Palestinian shot dead as talks mooted

A Palestinian man riding a motorcycle was shot and killed in the West Bank city of Nablus.

    Israeli soldiers said they shot a man in the leg

    Israeli army officials said soldiers shot the man on Saturday after he refused calls to stop, ignored warning shots and fled from troops.

    There was no independent confirmation of the claim. Palestinians accuse Israeli soldiers of often deliberately shooting civilians and then claiming they were resistance fighters.

    The military said the man, Muhammad Hamad, 23, was lightly wounded in the leg.

    But a reporter with the Associated Press said he saw the man's body in a hospital morgue with two gunshot wounds to the chest.

    Palestinian Prime Minister Ahmad
    Quraya must form a cabinet soon

    Saturday also saw Palestinian leaders welcome an Israeli suggestion of a talks with Palestinian Prime Minister Ahmad Quraya.

    It was a reversal of earlier statements where Israeli officials refused to deal with Quraya, saying he was too close to President Yasir Arafat.

    But Palestinian leaders said any negotiations must come with efforts to stop violence and halt Jewish settlement building on Palestinian land.

    "Those who want to resume a meaningful peace process, resume negotiations, must stop settlements, must stop walls, must stop the fait accompli policies ... and give the peace process the chance it deserves," Palestinian chief negotiator Saib Uraiqat said.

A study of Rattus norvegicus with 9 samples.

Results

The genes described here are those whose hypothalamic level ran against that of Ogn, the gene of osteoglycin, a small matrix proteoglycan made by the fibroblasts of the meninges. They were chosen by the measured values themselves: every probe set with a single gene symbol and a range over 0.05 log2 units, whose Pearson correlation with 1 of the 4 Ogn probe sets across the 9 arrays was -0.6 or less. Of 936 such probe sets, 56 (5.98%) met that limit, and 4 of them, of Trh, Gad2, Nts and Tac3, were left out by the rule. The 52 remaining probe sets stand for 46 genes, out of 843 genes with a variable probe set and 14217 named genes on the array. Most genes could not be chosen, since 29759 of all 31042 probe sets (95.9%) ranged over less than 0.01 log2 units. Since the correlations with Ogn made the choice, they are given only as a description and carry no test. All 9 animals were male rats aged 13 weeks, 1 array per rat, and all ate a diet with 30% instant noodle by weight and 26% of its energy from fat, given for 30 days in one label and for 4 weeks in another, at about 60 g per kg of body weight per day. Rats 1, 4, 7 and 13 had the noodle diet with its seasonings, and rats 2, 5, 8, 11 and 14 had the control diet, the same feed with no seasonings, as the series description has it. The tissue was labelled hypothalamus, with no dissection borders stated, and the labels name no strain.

Deadline for cabinet

    A new round of meetings also depends in part on whether the Palestinians can complete the formation of a new government in the coming days.

    Quraya, who currently leads an emergency government with a one-month mandate, has until Tuesday to form a full cabinet.

    On Friday, Israeli media reported that Defence Minister Shaul Mofaz also planned to hold meetings next week with Palestinian officials.

    Meanwhile, legislators from Arafat's Fatah faction met Saturday in Ram Allah and chose a top Fatah official as their candidate to be parliament speaker, a position Quraya left vacant when he became prime minister.

    The nominee, Rafiq al-Natchi, a former ambassador to Saudi Arabia and former labour minister, was the most likely candidate to become the new speaker.

    SOURCE: Agencies


    YOU MIGHT ALSO LIKE

    Interactive: Coding like a girl

    Interactive: Coding like a girl

    What obstacles do young women in technology have to overcome to achieve their dreams? Play this retro game to find out.

    Heron Gate mass eviction: 'We never expected this in Canada'

    Hundreds face mass eviction in Canada's capital

    About 150 homes in one of Ottawa's most diverse and affordable communities are expected to be torn down in coming months

    I remember the day … I designed the Nigerian flag

    I remember the day … I designed the Nigerian flag

    In 1959, a year before Nigeria's independence, a 23-year-old student helped colour the country's identity.